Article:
The man got along quite a long time without money. He used what we call “the barter system”. If a man wanted something he did not make or raise himself, he found another person who had what he wanted and offered him something in exchange. The first kind of “money” used by primitive man usually consisted of things to wear or eat.
The American Indians used carved shells called “wampum”. Other types of “money” have been tobacco, grains, shins, salt, and beads. Eventually, pieces of metal replaced other kinds of money. The first people to use coined money were the Lydians, a people of Asia
Minor. In the eighth century B.C., they began to make pieces of metal money that were uniform in weight and design and which could easily be recognized. Gold and silver had been used as money long before that, but not in the form of coins. They had circulated as bars from which pieces were cut and weighed, but there was no guarantee of purity or weight. It was the Lydians who first thought of stamping pieces of metal with some symbol as a guarantee. Other peoples imitated them and gradually the use of coins became widespread.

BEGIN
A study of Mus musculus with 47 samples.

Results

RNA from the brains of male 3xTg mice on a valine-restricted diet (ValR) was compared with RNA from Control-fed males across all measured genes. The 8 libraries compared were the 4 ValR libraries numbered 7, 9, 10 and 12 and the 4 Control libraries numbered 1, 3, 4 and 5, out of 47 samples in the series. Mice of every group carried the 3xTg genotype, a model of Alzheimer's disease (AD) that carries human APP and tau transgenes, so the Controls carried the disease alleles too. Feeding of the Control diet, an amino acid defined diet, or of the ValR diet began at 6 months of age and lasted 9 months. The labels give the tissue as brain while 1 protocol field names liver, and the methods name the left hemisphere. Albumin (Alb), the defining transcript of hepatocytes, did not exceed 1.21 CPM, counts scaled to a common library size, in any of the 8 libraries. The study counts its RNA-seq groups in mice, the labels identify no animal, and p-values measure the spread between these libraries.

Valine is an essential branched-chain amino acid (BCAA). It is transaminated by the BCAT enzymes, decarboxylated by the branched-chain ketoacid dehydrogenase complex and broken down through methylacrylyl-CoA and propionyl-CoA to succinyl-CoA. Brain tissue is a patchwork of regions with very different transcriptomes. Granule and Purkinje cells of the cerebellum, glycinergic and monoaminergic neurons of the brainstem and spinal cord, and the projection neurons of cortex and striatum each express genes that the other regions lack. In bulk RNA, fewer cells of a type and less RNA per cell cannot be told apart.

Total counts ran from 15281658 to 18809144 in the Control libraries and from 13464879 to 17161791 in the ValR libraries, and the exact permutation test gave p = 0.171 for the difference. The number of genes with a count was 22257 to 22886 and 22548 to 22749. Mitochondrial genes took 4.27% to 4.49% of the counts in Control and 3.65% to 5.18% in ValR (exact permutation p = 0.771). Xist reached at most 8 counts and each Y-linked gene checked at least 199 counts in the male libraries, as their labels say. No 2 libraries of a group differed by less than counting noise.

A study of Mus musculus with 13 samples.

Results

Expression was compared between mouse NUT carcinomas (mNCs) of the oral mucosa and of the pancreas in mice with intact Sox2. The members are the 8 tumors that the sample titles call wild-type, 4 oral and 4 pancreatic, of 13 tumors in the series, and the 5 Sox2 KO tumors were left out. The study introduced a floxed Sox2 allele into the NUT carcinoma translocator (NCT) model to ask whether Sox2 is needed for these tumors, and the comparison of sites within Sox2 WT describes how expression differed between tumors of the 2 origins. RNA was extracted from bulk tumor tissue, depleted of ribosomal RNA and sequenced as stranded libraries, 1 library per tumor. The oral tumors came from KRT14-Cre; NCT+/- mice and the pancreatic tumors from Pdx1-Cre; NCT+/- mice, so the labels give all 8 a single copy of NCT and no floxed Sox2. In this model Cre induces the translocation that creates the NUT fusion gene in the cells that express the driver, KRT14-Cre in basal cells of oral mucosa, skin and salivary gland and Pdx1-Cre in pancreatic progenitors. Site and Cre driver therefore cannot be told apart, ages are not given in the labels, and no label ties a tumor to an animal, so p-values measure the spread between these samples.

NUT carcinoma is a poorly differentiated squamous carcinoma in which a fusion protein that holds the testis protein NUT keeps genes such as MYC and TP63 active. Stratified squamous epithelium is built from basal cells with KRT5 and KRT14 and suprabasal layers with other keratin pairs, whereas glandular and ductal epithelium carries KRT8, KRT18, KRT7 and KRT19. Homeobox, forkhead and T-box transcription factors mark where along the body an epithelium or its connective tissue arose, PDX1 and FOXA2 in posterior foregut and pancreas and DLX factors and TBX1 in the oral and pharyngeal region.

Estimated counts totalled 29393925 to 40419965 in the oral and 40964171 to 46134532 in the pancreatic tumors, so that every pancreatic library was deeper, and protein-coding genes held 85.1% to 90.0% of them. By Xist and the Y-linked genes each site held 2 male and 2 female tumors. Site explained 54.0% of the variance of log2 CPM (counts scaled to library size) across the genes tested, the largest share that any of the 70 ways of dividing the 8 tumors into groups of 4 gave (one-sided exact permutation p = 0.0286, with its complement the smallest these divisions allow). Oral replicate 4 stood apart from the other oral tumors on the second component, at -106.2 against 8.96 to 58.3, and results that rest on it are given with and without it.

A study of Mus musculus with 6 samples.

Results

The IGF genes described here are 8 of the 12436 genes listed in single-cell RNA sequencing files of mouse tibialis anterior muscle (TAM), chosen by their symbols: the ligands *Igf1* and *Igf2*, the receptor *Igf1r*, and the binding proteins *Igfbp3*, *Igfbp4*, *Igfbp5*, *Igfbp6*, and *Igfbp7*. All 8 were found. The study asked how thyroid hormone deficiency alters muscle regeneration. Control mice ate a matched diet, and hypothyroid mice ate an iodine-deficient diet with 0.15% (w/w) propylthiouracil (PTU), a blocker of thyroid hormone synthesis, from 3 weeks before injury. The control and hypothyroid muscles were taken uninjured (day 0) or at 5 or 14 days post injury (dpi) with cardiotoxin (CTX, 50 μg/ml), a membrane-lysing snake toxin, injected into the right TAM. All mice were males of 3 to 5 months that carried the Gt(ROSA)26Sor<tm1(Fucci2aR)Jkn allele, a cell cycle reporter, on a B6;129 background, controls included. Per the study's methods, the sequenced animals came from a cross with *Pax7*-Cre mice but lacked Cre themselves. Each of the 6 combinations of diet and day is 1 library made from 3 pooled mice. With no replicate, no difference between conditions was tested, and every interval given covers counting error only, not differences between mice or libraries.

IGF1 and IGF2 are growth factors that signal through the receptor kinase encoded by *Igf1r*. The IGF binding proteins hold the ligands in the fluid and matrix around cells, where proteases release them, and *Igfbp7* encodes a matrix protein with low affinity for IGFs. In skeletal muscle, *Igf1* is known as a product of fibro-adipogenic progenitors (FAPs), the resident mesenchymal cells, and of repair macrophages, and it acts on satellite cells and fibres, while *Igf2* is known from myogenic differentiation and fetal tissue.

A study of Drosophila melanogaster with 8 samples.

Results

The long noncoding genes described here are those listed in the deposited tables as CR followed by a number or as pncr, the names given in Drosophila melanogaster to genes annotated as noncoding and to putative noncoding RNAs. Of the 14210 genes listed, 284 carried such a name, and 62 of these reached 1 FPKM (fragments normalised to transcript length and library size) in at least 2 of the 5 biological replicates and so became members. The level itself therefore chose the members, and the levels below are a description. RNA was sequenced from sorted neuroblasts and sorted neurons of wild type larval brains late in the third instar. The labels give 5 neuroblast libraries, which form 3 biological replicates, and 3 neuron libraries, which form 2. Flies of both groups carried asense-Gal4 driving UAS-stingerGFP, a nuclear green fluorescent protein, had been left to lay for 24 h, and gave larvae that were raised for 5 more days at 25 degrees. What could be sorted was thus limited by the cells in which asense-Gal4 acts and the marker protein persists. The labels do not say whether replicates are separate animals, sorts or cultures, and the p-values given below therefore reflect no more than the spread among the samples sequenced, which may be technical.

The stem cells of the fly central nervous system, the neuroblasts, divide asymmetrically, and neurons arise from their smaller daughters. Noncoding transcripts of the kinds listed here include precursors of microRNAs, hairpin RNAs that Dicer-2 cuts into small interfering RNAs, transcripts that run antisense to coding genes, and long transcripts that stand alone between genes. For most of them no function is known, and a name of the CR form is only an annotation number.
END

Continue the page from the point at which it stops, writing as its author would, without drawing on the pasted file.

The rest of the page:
After the Middle Ages, it was found that a “promise” to pay money, if there was confidence in the person who made the promise, would serve as well as real money. So goldsmiths, merchants, and money lenders began to issue notes, which were written promises to pay cash on demand.
This “credit currency”, since it was in the form of paper, was safer and more convenient to handle than gold. Soon banks, and then governments, began to issue such paper promises, and “paper money” came into existence.
Who First Invented Paper Money?
Paper currency first developed in Tang dynasty China during the 7th century.